Following a successful demonstration in Iraq, commanders in Afghanistan are going to request more C-130 aircraft to be used for time-sensitive, mission-critical cargo delivery, the U.S. Army's top logistician said.
"We're about to get a request for it," Lt. Gen. Mitchell Stevenson, deputy chief of staff for logistics, said .
After the 2010 budget decision transferred the Joint Cargo Aircraft and its mission to the Air Force, the Army and the Air Force wrote a new concept of employment for how the aircraft would be operated now that it would no longer be in the Army's inventory.
Last year, Defense Secretary Robert Gates pledged that the Army would not suffer in terms of support because of the decision, "and the Air Force would be just as responsive as if we owned the aircraft ourselves," Stevenson said.
That new concept of employment was tested in Iraq, using the C-130 as a surrogate for the Joint Cargo Aircraft, last October through December.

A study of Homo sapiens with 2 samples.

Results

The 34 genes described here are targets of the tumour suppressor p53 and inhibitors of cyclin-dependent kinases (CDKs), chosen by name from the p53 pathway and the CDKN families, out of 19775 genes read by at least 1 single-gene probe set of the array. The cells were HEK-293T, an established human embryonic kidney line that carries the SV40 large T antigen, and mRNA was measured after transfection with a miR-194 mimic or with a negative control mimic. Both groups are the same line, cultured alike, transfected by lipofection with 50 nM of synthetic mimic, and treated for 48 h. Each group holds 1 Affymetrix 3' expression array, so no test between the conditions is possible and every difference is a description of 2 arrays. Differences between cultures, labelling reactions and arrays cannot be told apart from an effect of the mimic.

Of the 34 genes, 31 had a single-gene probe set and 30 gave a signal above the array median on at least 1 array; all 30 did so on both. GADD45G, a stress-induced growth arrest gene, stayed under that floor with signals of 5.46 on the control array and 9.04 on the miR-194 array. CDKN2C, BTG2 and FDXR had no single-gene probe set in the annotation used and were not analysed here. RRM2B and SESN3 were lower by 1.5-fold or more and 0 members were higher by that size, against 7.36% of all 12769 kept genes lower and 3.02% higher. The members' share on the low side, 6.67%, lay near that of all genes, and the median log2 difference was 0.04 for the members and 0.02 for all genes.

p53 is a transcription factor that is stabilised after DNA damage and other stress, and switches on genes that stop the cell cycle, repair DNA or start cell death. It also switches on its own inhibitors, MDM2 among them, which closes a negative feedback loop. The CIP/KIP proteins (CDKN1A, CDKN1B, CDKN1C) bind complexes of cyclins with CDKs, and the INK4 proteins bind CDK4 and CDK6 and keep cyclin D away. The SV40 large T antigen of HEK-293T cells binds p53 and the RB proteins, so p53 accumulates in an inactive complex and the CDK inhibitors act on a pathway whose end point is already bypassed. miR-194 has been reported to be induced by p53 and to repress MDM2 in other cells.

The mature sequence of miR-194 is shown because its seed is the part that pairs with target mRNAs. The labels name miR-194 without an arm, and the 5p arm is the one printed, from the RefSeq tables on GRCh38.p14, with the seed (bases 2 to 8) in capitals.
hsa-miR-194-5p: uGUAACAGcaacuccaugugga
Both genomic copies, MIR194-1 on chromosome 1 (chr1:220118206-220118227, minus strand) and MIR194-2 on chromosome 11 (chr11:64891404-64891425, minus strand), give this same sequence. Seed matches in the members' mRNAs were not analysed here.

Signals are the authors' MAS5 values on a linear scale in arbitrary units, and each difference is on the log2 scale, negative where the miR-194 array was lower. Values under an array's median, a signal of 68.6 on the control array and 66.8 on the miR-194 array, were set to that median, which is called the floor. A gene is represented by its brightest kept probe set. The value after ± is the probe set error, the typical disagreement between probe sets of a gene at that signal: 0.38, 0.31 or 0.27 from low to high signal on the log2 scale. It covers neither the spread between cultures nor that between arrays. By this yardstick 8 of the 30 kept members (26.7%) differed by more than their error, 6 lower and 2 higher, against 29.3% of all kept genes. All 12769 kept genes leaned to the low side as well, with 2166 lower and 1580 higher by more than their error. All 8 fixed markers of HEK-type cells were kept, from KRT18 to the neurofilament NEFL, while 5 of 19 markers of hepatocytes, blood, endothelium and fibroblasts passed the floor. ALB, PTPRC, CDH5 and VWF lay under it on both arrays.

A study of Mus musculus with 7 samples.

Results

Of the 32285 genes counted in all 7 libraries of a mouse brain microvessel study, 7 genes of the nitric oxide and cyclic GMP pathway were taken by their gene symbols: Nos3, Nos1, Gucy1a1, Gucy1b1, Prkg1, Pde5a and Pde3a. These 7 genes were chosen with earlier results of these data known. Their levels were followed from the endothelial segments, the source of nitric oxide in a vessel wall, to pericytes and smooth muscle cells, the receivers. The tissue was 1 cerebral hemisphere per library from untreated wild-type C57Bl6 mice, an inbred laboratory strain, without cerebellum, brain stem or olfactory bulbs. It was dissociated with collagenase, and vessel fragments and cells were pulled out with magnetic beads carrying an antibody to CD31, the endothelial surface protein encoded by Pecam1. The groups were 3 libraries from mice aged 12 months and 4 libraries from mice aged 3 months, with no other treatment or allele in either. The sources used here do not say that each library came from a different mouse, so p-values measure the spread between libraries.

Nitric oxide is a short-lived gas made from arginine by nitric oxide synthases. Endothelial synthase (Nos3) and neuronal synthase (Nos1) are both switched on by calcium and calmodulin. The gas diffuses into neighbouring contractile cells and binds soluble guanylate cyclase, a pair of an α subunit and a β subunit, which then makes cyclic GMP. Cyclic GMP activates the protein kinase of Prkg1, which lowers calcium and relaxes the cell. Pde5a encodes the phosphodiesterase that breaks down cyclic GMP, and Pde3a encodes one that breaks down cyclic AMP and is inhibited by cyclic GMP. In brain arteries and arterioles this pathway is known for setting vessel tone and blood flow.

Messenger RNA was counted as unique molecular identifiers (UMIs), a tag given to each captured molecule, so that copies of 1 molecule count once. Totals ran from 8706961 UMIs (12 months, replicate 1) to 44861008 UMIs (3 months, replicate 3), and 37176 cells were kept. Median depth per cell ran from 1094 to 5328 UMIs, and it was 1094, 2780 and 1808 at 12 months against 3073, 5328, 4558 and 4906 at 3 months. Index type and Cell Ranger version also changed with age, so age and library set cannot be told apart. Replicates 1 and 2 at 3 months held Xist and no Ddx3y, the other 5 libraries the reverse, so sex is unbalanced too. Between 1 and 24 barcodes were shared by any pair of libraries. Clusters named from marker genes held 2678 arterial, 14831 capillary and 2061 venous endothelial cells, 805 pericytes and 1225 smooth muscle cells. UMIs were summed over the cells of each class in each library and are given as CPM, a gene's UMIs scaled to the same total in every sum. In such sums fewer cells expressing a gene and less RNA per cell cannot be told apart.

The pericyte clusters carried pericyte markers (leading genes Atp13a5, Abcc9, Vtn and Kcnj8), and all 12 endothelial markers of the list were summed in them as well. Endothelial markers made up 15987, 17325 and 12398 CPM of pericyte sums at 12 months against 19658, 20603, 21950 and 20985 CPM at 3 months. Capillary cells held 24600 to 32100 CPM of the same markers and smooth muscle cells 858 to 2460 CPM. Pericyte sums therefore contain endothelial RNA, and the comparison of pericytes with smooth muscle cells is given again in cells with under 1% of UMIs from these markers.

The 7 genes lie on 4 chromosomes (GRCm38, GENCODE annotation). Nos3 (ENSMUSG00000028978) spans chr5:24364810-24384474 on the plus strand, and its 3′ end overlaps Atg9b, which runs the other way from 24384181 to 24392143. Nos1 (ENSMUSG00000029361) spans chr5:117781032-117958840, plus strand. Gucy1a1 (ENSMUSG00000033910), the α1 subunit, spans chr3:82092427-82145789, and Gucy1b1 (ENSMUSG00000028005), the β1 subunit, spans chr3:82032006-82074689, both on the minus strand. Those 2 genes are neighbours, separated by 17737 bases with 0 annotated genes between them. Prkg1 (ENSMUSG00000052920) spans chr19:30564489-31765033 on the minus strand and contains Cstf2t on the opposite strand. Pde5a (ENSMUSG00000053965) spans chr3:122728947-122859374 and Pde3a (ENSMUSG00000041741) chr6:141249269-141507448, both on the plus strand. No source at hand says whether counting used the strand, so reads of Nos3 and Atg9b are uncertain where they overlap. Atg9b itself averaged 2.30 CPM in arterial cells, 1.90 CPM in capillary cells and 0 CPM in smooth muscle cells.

"It worked just like we wanted it to," Stevenson said.
After the demo, the Army told commanders in Afghanistan that it could relieve some of the burden being placed on CH-47 Chinook helicopters, which are seeing record use in theater, by providing more C-130s, Stevenson said.
"The last I checked, the Air Force has about 400 C-130s and we have less than 50 in Southwest Asia today," he added.
During a video teleconference about a week ago, commanders in Afghanistan said that the idea made sense to them and they are going to send a request through U.S. Central Command, Stevenson said.
Once a request is received, the approval could happen in a matter of weeks, he said.
"Then the question would be how quickly can the aircraft be called up," Stevenson said. "We're talking about probably reserve crews - Air Guard crews - because the Air Force doesn't have a lot of active-component C-130.